The European Commission’s legislative proposal for the modernization of copyright has some suggestions for improving the authors’ position but also very worrisome proposals from the point of view of literary authors and translators.
After the Commission gave its proposal for the DSM Directive in September 2016, it has been discussed in the Council of the European Union as well as in three Parliamentary committees: Committee on Culture and Education (CULT), Committee on Internal Market and Consumer Protection (IMCO) and the Committee on Legal Affairs (JURI) which is the main committee responsible for this matter. The negotiations in the Council and the JURI have not yet reached their end.
Despite its good goals the DSM Directive Proposal is problematic in many ways. Article 12 is the most concerning for literary authors: It would give publishers a right to claim a share of the compensations paid for the use of works under exceptions and limitations.
Article 12 is flawed both from a legal and practical point of view: It would transfer rights and income from the weaker to the stronger party, from authors to publishers. This type of EU level legislation would also give a totally wrong signal for the future development of the European copyright legislation.
How did we end up here?
- European Commission gave a proposal for the DSM Directive on 14th of September 2016.
- Committee on Culture and Education (CULT) gave its opinion on the DSM Directive on 4th of September 2017. During the summer the amendments of CULT concerning Article 12 changed to more stricter and harmful. CULT proposed removing the member states’ discretion from Article 12 and adding some amendments that would transfer more rights to the publisher by virtue of EU legislation.
- The compromise proposal by the Estonian EU Presidency on the DSM Directive was made on 30th August 2017. In the proposal the scope of the publishers’ rights has been broadened and an explicit mention of the Public Lending Right (PLR) remunerations has been added to article 12 and recital 36.
- As a reaction to the proposal, the European Writers’ Council, the Federation of European Publishers and the European Council of Literary Translators’ Associations made a joint statement on 28th of September 2017 demanding that Public Lending Rights should not be mentioned in article 12.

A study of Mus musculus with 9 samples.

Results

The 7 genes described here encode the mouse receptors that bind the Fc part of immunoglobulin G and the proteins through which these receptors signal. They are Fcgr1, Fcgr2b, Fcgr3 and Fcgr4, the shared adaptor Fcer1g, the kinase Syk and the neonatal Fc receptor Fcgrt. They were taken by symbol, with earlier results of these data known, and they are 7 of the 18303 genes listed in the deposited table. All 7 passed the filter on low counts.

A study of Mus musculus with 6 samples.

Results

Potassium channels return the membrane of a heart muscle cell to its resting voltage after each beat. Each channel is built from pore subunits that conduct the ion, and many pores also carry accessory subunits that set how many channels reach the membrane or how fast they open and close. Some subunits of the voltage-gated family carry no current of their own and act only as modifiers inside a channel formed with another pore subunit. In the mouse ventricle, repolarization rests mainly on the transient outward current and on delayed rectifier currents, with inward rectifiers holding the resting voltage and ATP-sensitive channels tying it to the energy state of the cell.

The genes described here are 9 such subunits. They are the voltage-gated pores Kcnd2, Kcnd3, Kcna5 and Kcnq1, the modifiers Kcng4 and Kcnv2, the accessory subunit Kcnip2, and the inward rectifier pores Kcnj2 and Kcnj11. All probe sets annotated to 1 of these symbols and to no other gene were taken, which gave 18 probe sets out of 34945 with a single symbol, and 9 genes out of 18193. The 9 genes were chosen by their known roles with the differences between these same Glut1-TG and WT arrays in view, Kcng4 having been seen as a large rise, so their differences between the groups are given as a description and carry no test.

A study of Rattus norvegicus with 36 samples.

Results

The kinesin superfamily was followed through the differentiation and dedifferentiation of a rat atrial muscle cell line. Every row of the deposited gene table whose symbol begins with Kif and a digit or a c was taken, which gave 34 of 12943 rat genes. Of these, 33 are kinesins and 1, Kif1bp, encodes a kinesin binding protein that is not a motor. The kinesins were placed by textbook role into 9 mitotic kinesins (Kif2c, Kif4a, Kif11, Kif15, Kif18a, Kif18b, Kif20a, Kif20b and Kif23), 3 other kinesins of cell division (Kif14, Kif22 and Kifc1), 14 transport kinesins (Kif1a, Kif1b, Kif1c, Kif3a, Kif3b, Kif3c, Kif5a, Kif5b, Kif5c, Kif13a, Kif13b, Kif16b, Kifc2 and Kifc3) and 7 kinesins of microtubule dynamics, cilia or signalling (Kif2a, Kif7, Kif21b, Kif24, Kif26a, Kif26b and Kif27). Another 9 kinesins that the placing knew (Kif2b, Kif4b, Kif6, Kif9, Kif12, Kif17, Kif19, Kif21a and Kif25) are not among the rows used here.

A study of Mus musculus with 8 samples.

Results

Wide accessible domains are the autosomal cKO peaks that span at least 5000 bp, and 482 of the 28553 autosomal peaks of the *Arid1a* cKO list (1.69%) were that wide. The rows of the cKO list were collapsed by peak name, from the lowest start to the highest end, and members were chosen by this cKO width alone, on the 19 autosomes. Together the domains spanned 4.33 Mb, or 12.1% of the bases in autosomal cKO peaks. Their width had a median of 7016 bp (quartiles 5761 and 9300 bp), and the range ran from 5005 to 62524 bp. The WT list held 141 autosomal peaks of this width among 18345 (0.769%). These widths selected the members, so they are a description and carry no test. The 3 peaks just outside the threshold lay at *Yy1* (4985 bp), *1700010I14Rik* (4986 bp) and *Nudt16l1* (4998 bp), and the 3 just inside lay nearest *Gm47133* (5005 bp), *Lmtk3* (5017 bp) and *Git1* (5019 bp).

- The European Authors’ Petition to remove Article 12 was released on 11th of October 2017. The signees of the petition demand the removal of article 12 from DSM Directive due to the fact that Article 12 would violate the basic principles of copyright and contractual freedom (among many other problems). The petition started as a Nordic cooperation, then Baltic countries joined in, and since that there have been many requests of concerned authors’ organizations from all over Europe. It is still open for any organization willing to join. The latest number of signees is 44 organizations from 20 countries.
- Bulgarian EU presidency in Council began in January 2018. Bulgaria presented its first compromise proposal on 23rd of March.
Situation right now
The DSM Directive Proposal has now moved forward on both tracks: in the European Parliament’s Legal Affairs Committee (JURI) and in the member states’ negotiations in the Council. Unfortunately, the proposed new amendments are not good from the authors’ point of view.
- The compromise proposal given in the European Parliament has not solved the fundamental problems of Article 12. Instead, new ones have been created and, therefore, it cannot be accepted. The rappourter is supposedly working on a new proposal. At the moment the JURI Committee is expected to vote in June.
- In the Council, the EU presidency Bulgaria presented its consolidated compromise proposal on 23rd of April. Bulgaria has amended Article 12 to the publishers’ advantage by making publishers entitled to a share of the compensations instead of being entitled to claim a share of the compensations. Bulgaria has kept the explicit mention of PLR remunerations in the Article, which would make PLR one additional type of compensations shared with the publishers.
- The Bulgarian Presidency submitted its compromise proposal to Coreper. Coreper is the Council’s main preparatory body with ambassadors as decision-makers. In Coreper meeting 27th of April Bulgaria did not get a negotiation mandate to negotiate with the European Parliament with their current proposal. A continuation of the discussions is foreseen to take place on May 16th. The Presidency will present a new proposal before that.
Sanasto is closely following and will inform on the procession of the directive in the European Parliament and the Council of European Union.